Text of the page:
Among the items at Tuesday night’s Edmonds City Council meeting was a presentation by four Edmonds-Woodway High School students, all members of the Students Saving Salmon club, about their plan to monitor the conditions of three Edmonds streams and the Edmonds Marsh.
The four — Rondi Nordal, Pavi Chance, Afua Tiwaa and Lindsey Barnes — will be part of a Stream Team created through a partnership with the City of Edmonds, EarthCorps, Sound Salmon Solutions and local community members interested in salmon and environmental issues.
Called a Citizen Science program, the idea is to collect high-quality scientific information on water quality and use the resulting data to engage in community efforts to address stormwater and pollution issues in Edmonds streams and their effects on salmon. The program is supported by grants from the Hubbard Foundation, the National Fish and Wildlife Foundation and Google grants.
Assisting with the effort are Val Stewart, an Edmonds Planning Board member and founder of Students Saving Salmon, EWHS biology teacher David Millette and Assistant Principal Geoff Bennett, and retired NOAA fisheries biologist Joe Scordino.
Stewart explained that the City of Edmonds has several creeks draining into Puget Sound that may support salmon, and the city is currently evaluating the feasibility of restoring the Edmonds Marsh to provide juvenile salmon rearing habitat by daylighting Willow Creek, which flows into the marsh. Unfortunately, there is little or no data on the quality of the water in Edmonds streams including Willow Creek and Shellabarger Creek, which also drains into the marsh, nor Shell Creek which currently supports some coho salmon spawning.
Since much of the stormwater in Edmonds drains into Puget Sound through streams, there are concerns about the quality of water in Edmonds streams and potential effects of pollutants on salmon and the stream environment. Recent studies have demonstrated that stormwater can be lethal to salmon; thus this program was developed to determine the quality of stream water in Edmonds.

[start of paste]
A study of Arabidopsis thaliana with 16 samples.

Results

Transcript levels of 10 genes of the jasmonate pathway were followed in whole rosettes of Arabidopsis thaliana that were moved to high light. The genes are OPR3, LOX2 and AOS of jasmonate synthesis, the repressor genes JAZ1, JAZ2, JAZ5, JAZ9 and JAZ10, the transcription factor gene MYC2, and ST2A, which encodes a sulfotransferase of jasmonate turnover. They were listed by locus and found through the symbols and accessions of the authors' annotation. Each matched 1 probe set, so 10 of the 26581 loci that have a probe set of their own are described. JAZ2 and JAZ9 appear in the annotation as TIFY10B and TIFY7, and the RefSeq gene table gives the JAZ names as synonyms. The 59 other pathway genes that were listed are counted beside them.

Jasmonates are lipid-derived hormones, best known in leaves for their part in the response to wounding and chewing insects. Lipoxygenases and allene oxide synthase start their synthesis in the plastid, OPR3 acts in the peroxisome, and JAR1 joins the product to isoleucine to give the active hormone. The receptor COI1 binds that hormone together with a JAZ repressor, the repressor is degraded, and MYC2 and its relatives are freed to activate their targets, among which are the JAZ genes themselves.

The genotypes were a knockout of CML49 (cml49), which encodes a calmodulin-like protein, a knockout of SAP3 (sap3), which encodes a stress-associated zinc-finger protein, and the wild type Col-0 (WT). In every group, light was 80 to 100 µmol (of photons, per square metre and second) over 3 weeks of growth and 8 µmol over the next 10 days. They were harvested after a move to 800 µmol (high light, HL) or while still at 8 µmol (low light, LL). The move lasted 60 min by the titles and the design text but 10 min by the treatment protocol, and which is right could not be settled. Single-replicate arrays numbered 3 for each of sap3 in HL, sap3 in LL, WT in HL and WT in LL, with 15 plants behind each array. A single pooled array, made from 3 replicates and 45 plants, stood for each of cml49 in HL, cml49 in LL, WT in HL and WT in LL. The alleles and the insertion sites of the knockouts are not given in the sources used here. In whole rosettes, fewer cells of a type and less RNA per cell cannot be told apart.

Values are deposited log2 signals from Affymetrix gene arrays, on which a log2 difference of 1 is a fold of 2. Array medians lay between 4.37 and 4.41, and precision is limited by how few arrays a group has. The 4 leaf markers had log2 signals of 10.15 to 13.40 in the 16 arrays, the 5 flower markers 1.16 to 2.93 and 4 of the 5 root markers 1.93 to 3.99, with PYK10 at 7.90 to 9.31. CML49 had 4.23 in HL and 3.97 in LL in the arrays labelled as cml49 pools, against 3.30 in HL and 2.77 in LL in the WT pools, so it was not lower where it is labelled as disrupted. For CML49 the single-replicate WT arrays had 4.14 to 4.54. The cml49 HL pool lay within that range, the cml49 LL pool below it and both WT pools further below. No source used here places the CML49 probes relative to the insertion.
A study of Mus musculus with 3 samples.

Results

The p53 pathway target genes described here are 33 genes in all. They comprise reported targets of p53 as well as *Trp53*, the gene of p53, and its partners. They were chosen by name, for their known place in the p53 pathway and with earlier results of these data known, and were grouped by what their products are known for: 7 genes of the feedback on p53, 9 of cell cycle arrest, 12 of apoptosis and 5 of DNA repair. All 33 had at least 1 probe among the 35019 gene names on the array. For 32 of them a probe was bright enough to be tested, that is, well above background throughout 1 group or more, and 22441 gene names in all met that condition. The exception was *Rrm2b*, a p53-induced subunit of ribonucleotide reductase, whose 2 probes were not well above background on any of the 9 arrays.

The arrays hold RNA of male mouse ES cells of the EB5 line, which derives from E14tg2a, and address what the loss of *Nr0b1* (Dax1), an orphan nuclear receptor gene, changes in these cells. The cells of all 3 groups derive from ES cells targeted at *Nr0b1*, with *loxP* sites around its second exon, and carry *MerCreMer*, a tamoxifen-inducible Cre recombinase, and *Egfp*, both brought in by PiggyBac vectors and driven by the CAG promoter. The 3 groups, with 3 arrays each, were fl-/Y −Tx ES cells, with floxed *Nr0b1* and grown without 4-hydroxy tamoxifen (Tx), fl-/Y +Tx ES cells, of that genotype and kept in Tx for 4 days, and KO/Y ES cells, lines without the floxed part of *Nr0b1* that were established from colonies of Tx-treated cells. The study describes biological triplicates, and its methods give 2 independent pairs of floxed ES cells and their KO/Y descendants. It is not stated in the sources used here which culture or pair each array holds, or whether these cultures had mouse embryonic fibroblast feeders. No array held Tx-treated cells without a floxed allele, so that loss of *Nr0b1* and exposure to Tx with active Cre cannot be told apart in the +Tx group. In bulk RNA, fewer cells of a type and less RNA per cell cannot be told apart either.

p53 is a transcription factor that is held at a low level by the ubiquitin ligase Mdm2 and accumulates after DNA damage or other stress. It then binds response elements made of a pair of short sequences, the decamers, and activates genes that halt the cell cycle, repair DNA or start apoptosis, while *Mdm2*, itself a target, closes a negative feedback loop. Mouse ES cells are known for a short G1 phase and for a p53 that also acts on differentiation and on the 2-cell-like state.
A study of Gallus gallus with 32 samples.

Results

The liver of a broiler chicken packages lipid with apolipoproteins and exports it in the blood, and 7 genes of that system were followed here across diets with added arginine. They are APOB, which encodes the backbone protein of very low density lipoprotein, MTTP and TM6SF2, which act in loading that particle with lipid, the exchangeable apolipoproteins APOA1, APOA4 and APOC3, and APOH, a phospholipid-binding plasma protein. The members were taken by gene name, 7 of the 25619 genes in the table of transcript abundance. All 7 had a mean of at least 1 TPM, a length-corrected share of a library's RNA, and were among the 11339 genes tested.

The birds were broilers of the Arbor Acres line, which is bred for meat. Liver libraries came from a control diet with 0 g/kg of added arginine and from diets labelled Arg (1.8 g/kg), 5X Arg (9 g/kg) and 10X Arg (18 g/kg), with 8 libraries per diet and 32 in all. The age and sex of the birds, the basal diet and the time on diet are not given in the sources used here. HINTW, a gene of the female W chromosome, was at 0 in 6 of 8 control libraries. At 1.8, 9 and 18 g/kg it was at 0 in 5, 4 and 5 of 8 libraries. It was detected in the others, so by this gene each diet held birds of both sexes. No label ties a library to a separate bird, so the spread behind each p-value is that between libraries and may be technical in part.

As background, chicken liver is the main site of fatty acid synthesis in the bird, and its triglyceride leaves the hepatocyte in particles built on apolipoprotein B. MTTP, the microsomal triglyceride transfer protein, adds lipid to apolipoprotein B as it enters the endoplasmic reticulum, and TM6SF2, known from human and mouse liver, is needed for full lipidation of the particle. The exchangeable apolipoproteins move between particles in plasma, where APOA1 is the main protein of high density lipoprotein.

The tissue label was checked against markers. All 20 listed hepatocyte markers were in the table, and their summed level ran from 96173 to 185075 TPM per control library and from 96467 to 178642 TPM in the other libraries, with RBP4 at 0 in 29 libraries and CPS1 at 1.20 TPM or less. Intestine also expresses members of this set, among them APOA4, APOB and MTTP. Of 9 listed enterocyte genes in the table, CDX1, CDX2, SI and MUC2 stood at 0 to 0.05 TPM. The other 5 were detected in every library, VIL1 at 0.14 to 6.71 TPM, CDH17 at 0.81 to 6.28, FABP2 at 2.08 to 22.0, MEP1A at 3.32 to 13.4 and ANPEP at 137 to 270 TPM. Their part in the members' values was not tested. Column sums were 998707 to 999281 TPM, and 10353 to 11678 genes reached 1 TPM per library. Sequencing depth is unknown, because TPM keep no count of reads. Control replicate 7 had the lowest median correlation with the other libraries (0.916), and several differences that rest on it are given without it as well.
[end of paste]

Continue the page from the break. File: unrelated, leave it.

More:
With assistance from teachers and experienced volunteers, the students will collect water quality samples once a month year-round from all four locations — Willow, Shell and Shellabarger Creeks, and Edmonds Marsh. Sampling sites will be monitored for temperature, pH, dissolved oxygen, nitrates and conductivity using a YSI Professional Plus electronic instrument. Chemical test kits may be used several times a year to measure other water parameters, such as phosphates, alkalinity and hardness) and to compare standard measurements (pH, dissolved oxygen) with the electronic meter.
In addition, water samples for pollutant testing will be collected three to four times per year and during three storm events. Pollutant samples will be sent to a water analysis lab and tested for metals, petroleum products and other pollutants.
EWHS students will report on their efforts through news articles and and directed mailings to streamside property owners. This information will include background information for the public on stormwater issues, restoration of the Edmonds Marsh,
practices for improving water quality in Edmonds streams, and the importance of high quality water and habitat for salmon recovery. Any issues of concern discovered during the water testing process will be shared, and the students will prepare an annual report on the program in May of each year, describing program activities and achievements over the past year.
Students presenting to council said the idea is to make the program long-term, with younger students coming in to the Save Our Salmon Club — which now has 13 members — to replace those who are graduating.
Councilmembers reacted enthusiastically to the presentation, and invited the students to come back in the spring to provide an update on their work. Councilmember Kristiana Johnson called the program “a lovely example of how the community can work together,”
“This is going to be a great project for the city,” added Councilmember Lora Petso.
“I’m excited and looking forward to your data,” said Councilmember Mike Nelson.